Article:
Not so long ago, I was seated on a crowded subway with a female friend. Whilst we were talking amongst ourselves an older woman, in her early 50’s boarded the train and stood by us. It  was obvious by the way she kept looking around that she wanted a seat. That’s when things got uncomfortable…

At that moment a whole series of questions started rushing through my mind. Would I be expected to get up to make room for this woman, was this woman waiting for me to get up and volunteer, should I volunteer, and what if my female friend decided to get up and offer her a seat instead? Would the other passengers accept her prerogative to give up her seat for this woman or would some passengers across the way hold me in contempt for allowing my female friend to get up when it was clear at least socially that it was me who was obliged to give up their seat? But if if was clear I must give up my seat, what had made it clear? My mere gender, the notion that males should always cede to a female or that simply it was the polite thing for me to do?

Out of curiosity I chose not to react at all. I carried on my conversation with my female friend curious to see if the older woman would continue looking our direction, curious to see if some other passenger would give up their seat or whether I had just confused her expression and had presumed that because she was an older woman that she must be implicitly expecting a younger man to make a sacrifice for her?

The more I wondered these thoughts the more I scanned the passengers around me and wondered how I had suddenly become part of a science exam where by default the definition of my gender had come up for intense scrutiny. At stake was the implied responsibilities/behavior obliged of me, whether I felt like it or not and if by refusing to go along with social protocol would that suddenly mitigate my masculinity?

Then I started wondering why I was so obsessed with my masculinity in a car full of strangers? After all it was more than likely I would never see these people again and essentially I was free to do as I pleased short of behaving overtly out of proprietary.

Perhaps it mattered because the woman I was seated with was a woman who it had yet to remain to be seen could potentially become more than just a friend of mine. If that was the case, was all the mental masturbation a show of fatigue on my end because I stood to possibly forfeit her affection, her ‘female’ companionship simply because I chose not to behave in a way that was deemed masculine? Or to put it in a vulgar light, did I risk not screwing this woman because I made no pretense of playing up to token male stereotypical roles?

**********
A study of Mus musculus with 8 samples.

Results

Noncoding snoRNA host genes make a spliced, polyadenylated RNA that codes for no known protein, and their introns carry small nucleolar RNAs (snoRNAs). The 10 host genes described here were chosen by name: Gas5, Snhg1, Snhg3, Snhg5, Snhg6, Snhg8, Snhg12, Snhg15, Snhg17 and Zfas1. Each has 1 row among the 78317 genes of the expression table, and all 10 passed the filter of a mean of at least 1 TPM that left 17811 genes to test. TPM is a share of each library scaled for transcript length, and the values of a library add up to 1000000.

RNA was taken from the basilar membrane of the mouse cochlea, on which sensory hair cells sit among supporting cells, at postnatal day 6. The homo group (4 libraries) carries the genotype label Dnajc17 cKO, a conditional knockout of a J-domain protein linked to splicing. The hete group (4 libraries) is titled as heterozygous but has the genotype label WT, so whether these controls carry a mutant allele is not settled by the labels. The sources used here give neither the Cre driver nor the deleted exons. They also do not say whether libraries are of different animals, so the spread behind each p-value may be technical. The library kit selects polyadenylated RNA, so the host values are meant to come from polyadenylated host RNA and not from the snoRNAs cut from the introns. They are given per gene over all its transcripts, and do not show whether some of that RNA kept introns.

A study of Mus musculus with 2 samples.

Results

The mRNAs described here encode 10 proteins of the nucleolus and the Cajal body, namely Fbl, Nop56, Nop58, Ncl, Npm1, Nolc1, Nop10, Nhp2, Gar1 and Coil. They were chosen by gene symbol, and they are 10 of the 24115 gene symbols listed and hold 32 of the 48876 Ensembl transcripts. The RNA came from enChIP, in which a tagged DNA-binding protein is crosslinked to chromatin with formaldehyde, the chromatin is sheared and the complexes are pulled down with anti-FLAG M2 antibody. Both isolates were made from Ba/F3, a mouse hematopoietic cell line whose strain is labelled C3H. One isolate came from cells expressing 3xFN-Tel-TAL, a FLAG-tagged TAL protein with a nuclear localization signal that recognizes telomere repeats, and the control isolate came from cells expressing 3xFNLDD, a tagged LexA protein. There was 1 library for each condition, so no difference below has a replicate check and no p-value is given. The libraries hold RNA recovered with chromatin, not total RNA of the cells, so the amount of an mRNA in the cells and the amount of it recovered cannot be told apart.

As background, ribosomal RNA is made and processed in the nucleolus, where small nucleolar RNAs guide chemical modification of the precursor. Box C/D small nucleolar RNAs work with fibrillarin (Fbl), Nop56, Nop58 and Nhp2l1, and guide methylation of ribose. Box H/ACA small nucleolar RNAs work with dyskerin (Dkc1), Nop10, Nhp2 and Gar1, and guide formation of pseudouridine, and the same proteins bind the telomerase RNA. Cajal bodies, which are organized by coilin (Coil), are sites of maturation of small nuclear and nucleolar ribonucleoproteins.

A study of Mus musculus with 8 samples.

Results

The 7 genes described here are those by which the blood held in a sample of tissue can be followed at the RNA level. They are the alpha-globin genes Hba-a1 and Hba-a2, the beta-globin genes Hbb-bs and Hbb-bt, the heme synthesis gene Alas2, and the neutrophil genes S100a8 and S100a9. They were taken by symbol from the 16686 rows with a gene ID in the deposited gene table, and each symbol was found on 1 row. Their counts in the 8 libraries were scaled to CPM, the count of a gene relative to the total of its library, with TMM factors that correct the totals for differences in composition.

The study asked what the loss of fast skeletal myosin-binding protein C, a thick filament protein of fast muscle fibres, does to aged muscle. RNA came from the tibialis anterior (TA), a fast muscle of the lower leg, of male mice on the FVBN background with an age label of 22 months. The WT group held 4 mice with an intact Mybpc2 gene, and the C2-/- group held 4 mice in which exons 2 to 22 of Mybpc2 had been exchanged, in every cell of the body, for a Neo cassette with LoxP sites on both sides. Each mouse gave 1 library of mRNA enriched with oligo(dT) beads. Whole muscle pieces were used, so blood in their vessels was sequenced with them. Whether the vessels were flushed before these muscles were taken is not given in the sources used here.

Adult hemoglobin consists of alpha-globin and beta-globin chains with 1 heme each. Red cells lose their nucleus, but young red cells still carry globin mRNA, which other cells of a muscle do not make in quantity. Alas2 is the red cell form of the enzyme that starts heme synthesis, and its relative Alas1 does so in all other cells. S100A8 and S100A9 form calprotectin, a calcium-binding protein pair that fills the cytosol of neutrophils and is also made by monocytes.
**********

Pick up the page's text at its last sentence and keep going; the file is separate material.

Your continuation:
Whether I chose to get up for this woman could in my eyes hardly define my masculinity but the implicit suggestion from some of the surrounding seated female passengers was – that I needed to step up to the plate and be a man about it- which meant sacrificing my seat. But that posited an interesting dilemma, if I refused to make the token sacrifice would that make me appear less of a man to those around me (more importantly would it make me less of a man infront of my more than potential female friend?) even if I felt it would make no difference to me with respect to my own sense of masculinity.

Worse still, if my female companion chose to get up for this woman, would she hold that against me, because in her mind that was an action that I should have played out- but now, she had been the one to make the sacrifice? Then again, why was it so important that she had to perceive me as a man if I had to win her affections? Was that all just in my head or the implied dynamics when it came to courting?

To cut to the chase- could I only be perceived a man if I behaved graciously and made a show of sacrifice by giving away my seat. Never mind theoretically my female friend could also have given away her seat too and at this juncture in an ideal world who should give up their seat had little to do with one’s gender but compassion and empathy- something that somehow I was expected to have more of.

Then the following thought arose, if my female friend chose not to offer this woman a seat, would anyone suddenly think she was less female? Would her character/femininity be put into question? Which raised the following question, if her character would not generally be questioned, why should mine, or moreover why should my masculinity be held to a higher standard?

Eventually someone got off 2 stops later and the woman took a seat, but all the while I could not



  1. Time to apply some logic and flip things around:

    “Why don’t you just be a woman about it!?” Trying to figure out if a woman should stay in the kitchen barefoot & pregnant…

  2. In Perth WA, the public transport system carries notices saying “students using the fifty cent fare should stand for adults.” The link between the reduced fare (advantage) and the obligation to stand if not enough seats are available (disadvantage) makes the fairness of the situation evident.
    Ask yourself “Did I pay a reduced fare?” If not, then why should I not receive the same service as a lady.
    Of course, if someone NEEDS the seat (pregnant, disabled, carrying a baby etc.) then it is reasonable to expect to stand for the.